FW Presents: The Mirror Factory #4 — The Student

Coffee break's over and it's time to get to work — The Mirror Factory is back in business! A very special guest joins host Max Romero in this episode: Mrs. Mirror Factory! Max's wife Sandy Salinas joins us to talk about one of her favorite short stories, "The Student," by Anton Chekhov. Together the pair will discuss the author's brief tale of hope, how it can provide inspiration to artists of every stripe, and the warmth that can be found on a chilly Russian evening. Sandy will then share a passage from what Chekhov himself called both his favorite short story, and his "manifesto for optimism."


  • Intro theme: “My Baby Loves a Bunch of Authors,” by Moxy Fruvous
  • “The Rite of Spring” (excerpt), composed by Igor Stravinsky, performed by the London Symphony Orchestra (Conductor: Sir Simon Rattle)
  • Closing music: "It Was Jesus," by Johnny Cash

Want to be a guest on a future episode? E-MAIL – mirrorfactorypodcast.gmail.com

Support us on PATREON — https://www.patreon.com/fwpodcasts

Leave us a comment, and remember — read a book!

8 responses to “FW Presents: The Mirror Factory #4 — The Student

  1. Yay! Mirror Factory is back!

    Sandy was reading Russian literature in middle school? I was happy I got through an entire Spidey SuperStories in one go.

    The only Chekhov I have engaged with at all was a 1990s film version of Uncle Vanya, so I was unawares going into this show, but I still very much enjoyed it. Nice to hear Sandy on the network!

  2. Sandy rocks! Has she kept up her Russian?

    Did she know Chekhov was inspired by Davy Jones of the Monkees? I think I might have that wrong…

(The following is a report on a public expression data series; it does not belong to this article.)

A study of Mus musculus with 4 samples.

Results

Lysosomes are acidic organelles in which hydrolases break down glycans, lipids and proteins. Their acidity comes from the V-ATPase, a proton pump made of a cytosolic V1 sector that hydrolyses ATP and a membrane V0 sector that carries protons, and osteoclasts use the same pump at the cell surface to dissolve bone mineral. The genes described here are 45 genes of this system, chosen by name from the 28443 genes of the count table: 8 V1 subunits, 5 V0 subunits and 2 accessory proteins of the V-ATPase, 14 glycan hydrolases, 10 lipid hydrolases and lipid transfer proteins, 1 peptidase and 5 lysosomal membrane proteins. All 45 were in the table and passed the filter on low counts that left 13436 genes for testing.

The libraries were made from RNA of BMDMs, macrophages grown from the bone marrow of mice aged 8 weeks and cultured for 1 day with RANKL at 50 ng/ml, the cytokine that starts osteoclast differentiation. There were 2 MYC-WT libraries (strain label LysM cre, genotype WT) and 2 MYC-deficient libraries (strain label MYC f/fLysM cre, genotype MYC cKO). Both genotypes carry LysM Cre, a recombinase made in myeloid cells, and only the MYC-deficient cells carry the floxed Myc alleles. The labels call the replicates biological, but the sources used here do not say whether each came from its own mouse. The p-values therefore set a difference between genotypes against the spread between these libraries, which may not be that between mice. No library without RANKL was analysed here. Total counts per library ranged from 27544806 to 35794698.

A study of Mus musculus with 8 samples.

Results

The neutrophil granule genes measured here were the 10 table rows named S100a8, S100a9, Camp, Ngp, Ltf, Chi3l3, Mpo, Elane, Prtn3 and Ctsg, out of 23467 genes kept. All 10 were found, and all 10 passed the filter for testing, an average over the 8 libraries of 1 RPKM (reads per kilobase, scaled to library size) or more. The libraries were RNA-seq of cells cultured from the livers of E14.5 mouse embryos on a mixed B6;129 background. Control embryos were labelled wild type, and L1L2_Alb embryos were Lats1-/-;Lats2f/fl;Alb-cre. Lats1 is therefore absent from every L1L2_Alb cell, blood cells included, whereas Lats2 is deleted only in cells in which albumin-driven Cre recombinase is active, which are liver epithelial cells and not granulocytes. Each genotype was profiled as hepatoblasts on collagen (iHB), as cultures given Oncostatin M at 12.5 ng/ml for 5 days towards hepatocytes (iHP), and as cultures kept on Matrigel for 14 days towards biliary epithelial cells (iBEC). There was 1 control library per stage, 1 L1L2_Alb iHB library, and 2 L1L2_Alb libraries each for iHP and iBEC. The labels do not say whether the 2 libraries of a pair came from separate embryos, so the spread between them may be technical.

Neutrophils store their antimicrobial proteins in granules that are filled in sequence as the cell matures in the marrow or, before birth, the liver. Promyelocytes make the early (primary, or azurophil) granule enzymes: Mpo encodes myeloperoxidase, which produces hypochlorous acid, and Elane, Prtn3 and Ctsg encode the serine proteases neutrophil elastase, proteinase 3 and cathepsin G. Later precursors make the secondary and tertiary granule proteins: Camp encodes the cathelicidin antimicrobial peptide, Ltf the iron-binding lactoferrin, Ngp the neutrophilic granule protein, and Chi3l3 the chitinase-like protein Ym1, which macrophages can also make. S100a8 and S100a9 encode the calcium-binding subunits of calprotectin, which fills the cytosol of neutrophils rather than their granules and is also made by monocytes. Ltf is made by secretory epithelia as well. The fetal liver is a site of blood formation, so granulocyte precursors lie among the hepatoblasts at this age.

Not to brag, but I read Brothers Karamazov in my 20s, not in my early teens like SOME PEOPLE.

    1. Also, we are superstitious lot, generally speaking, aren’t we? I never got why. So much of the baked in Catholicism runs contrary to that. I never put together the connections with Russia – so please thank Sandy for that. From what I’ve read in Russian Lit, all the characters have multiple nicknames and identities – complete with code-switching and blending in – something the Brown people have done for ages.

  3. Great to have this show back! I have missed it!

    I have limited true Chekov experience. Read Vanya somewhere along the way at my liberal arts college so it was great to hear this. And the discussion was superb!

    Hope to hear more soon!

  4. I appreciate so much for this show to arrive back on the feed. When it was announced that a Patreon subscriber could get mentioned, I only thought of this show and Pod Dylan. Hell, I even wondered if I had to get proactive and invite myself on to do an episode of it meant the show would return! I’ve been asked about podcasting before but probably would have overcome my fear for you. Please don’t be such a strange in between podcasting again. 😀

  5. I’m glad to see that The Mirror Factory is back. I enjoyed your conversation, even though I’m not real familiar with Russian literature. One of my brothers is an avid reader of Russian lit, so I’ll have to refer him to this episode.

  6. It’s great to have the Mirror Factory back! I really enjoyed Sandy’s analysis of this short story. Well done!

    I’ve never read any Chekhov but after listening to this, it makes me want to seek this story out. I do like how this story really resonated with Sandy and how she could associate it with her own experiences. While I do like to read a lot of genre books (so much Star Wars expanded universe….), I do like to challenge myself with some of these classic stories. Sandy, was Chekhov your favourite author when you were taking your Russian classes?

    I know that it was just a trip up turn of phrase but I laughed when Max said, “You’re a Russian minor….. minored in Russian.” as that means two different things to me. Speaking of Russian authors, Nabokov would have been proud!

    I’m looking forward to see what next stories will show up next. Keep up the great work!